Elona was one of 13 founding members of the contemporary Sarasota Art Museum.

Peppi Elona
Peppi Elona

The first life started on July 18, 1936, in Paterson, New Jersey, when Isabel Gruber gave birth to Elona "Peppi" Gruber, daughter of Jack Gruber and the sister of Joan. 

The second life ended on May 29, when the Sarasota artist and philanthropist died at her home in Siesta Key.

In her first life, Elona was married to International Business Machines executive Edward Henig for 17 years. They had four children and lived in several places back when IBM was shorthand for "I've Been Moved." 

In her second life, Elona was known as Peppi Elona. She lived in Sarasota for 23 years and was an artist who helped raise the city's cultural profile.

"Peppi was a deeply genuine and honest person," said Wendy Surkis, Elona's wife. "She was true to herself and how she lived and experienced life. It was refreshing to be in Peppi's presence."

Peppi Elona and Wendy Surkis at the 2014 Greenfield Prize Award Dinner
File photo

Although life in Sarasota was a clear line of demarcation between Elona's two lives, there were bridges connecting them — art and Surkis. 

Even while she was raising kids and being moved around by IBM, Elona found time to pursue her arts education. She earned a bachelor's degree from Rutgers, a Bachelor of Fine Arts from Washington University in St. Louis and a Master of Arts from Montclair State in New Jersey. 

She met Surkis at the University of Louisville in 1973. During their 47-year relationship, Surkis was first Elona's classmate, then her confidante and finally her companion. 

In 2003, Elona and Surkis were two of 13 founding members of the Sarasota Art Museum, where Surkis became founding president.

Elona's contributions to the museum's birth included writing marketing materials and hosting artists and donors in her home. Along with Surkis and the other founding members, she helped transform the historic Sarasota High School building into a contemporary art museum. That happened in 2004, through a partnership with Ringling College of Art and Design. 

"Wendy was the leader of the effort from the beginning when we started the journey to convert the historic Sarasota High School into a contemporary art museum. Peppi was always there with Wendy, but more behind the scenes," said Ringling College President Larry Thompson.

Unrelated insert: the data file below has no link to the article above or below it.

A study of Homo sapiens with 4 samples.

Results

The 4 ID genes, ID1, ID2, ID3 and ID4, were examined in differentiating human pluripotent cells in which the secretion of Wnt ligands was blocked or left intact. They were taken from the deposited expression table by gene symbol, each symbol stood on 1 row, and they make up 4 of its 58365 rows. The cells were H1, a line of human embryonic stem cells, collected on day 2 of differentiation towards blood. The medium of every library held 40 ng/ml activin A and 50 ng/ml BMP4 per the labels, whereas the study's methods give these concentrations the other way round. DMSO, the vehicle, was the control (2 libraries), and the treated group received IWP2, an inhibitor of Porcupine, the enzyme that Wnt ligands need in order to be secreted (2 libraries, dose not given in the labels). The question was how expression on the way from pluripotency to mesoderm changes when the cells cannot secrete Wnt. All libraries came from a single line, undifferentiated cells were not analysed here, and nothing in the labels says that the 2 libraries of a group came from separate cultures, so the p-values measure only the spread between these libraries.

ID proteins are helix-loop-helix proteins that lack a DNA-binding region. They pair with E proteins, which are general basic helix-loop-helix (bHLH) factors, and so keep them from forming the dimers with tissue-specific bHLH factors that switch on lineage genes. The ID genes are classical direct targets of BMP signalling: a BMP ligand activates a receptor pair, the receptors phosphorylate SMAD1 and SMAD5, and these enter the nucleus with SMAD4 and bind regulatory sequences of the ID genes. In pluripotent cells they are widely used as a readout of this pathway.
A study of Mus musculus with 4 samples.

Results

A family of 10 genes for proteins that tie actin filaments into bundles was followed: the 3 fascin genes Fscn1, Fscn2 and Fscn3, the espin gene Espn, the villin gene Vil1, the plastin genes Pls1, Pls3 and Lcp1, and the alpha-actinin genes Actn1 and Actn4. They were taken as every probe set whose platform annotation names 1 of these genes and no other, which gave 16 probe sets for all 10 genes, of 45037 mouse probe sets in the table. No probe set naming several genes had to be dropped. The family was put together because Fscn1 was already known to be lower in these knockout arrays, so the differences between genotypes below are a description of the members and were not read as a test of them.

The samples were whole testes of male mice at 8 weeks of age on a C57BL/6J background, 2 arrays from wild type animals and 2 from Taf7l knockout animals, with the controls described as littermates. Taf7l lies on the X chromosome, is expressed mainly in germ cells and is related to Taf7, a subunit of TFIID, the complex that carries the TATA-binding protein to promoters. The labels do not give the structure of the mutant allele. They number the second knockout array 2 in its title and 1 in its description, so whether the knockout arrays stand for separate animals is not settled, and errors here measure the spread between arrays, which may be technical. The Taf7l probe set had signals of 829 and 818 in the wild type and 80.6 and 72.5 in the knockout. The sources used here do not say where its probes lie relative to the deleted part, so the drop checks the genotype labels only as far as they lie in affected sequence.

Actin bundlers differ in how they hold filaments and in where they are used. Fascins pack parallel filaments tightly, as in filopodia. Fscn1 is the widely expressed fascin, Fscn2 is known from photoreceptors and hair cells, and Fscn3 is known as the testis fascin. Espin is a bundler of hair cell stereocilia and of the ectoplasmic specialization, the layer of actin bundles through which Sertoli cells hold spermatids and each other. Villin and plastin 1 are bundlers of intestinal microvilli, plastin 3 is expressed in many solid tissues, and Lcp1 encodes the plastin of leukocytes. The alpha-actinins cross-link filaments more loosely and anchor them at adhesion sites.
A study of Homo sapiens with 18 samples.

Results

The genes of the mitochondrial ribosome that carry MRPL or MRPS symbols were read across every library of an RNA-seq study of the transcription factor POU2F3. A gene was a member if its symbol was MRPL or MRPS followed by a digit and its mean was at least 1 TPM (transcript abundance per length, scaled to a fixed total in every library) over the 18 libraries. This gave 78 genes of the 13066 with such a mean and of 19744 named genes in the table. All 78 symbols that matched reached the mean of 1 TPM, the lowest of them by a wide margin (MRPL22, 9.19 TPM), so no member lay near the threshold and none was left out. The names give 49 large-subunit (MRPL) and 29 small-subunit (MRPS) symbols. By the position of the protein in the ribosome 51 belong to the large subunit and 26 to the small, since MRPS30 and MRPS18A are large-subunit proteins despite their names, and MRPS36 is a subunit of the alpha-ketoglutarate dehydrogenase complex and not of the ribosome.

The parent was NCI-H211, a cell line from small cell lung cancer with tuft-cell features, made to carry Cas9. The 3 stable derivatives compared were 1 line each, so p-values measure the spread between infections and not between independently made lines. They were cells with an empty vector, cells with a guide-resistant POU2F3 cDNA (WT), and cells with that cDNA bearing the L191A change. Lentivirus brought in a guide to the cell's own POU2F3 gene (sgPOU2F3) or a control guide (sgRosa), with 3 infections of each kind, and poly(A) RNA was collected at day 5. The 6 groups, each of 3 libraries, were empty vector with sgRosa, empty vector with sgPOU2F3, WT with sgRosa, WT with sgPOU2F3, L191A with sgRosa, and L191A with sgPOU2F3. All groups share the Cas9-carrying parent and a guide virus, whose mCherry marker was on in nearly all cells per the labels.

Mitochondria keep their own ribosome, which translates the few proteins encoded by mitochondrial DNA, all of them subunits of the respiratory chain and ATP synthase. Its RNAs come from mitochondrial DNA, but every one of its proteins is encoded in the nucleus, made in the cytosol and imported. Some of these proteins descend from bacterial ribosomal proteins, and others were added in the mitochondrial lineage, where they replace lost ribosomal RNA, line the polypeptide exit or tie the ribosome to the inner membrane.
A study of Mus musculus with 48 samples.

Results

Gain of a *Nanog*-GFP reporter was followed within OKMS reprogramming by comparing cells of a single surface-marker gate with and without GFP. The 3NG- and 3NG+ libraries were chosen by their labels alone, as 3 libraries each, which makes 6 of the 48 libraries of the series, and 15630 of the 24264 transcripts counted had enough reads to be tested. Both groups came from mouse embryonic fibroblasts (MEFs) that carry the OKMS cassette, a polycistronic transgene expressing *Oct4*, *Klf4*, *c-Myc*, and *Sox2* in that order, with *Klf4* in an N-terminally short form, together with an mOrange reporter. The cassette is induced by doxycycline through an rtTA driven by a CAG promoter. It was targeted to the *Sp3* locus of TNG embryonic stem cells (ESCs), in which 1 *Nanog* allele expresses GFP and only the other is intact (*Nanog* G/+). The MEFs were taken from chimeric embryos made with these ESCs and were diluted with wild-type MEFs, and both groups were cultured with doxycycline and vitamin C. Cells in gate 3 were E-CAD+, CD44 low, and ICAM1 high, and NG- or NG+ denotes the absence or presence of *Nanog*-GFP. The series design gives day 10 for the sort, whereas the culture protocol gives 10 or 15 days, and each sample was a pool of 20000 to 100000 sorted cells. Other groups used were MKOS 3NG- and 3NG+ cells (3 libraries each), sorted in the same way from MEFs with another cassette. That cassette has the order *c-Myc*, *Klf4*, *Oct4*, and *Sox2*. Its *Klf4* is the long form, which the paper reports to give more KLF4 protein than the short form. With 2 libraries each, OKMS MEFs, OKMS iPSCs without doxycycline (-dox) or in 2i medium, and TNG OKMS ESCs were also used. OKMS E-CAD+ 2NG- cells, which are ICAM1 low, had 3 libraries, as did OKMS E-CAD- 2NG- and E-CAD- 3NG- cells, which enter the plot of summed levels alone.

Thompson recalled how early in the development process, before any money had been raised for the project, Elona came up with the idea of converting one of the bathrooms on the first floor of the high school into an art installation. The Artful Restroom became a showcase to demonstrate the creativity of the new museum to potential donors, he said.

Elona also found time to create her own art. The venues that showcased her artwork included Art Center Sarasota, Towles Court Gallery and the Selby Gallery at Ringling College, to name a few local arts institutions. Outside of Sarasota, the Newark Art Museum, the Johnson & Johnson Art Gallery at the health care giant's New Jersey headquarters and art galleries in New York exhibited Elona's art. 

In an artist's statement on her website,, Elona wrote, "As long as I can remember — as far back as my childhood — I have been fascinated by materials, touching them, thinking about them, wondering about their origins and ultimately reimagining them."

Among the materials that found their way into Elona's colorful art were fabric, sticks, found objects, yarn, feathers, paper, string and recyclables.

Despite her devotion to the arts, Elona's first love was her family. She remained friends with Henig after they divorced and helped orchestrate get-togethers for her blended family with Surkis. 

"Peppi was the family's treasured gift," said Surkis. "Peppi and Wendy — the Grammas — journeyed with each grandchild to places around the world."

Elona was buried in Totowa, New Jersey, next to her parents. Surkis asked those who want to honor Elona's memory make a donation to the Sarasota Art Museum.

This article has been updated.



Monica Roman Gagnier

Monica Roman Gagnier is the arts and entertainment editor of the Observer. Previously, she covered A&E in Santa Fe, New Mexico, for the Albuquerque Journal and film for industry trade publications Variety and The Hollywood Reporter.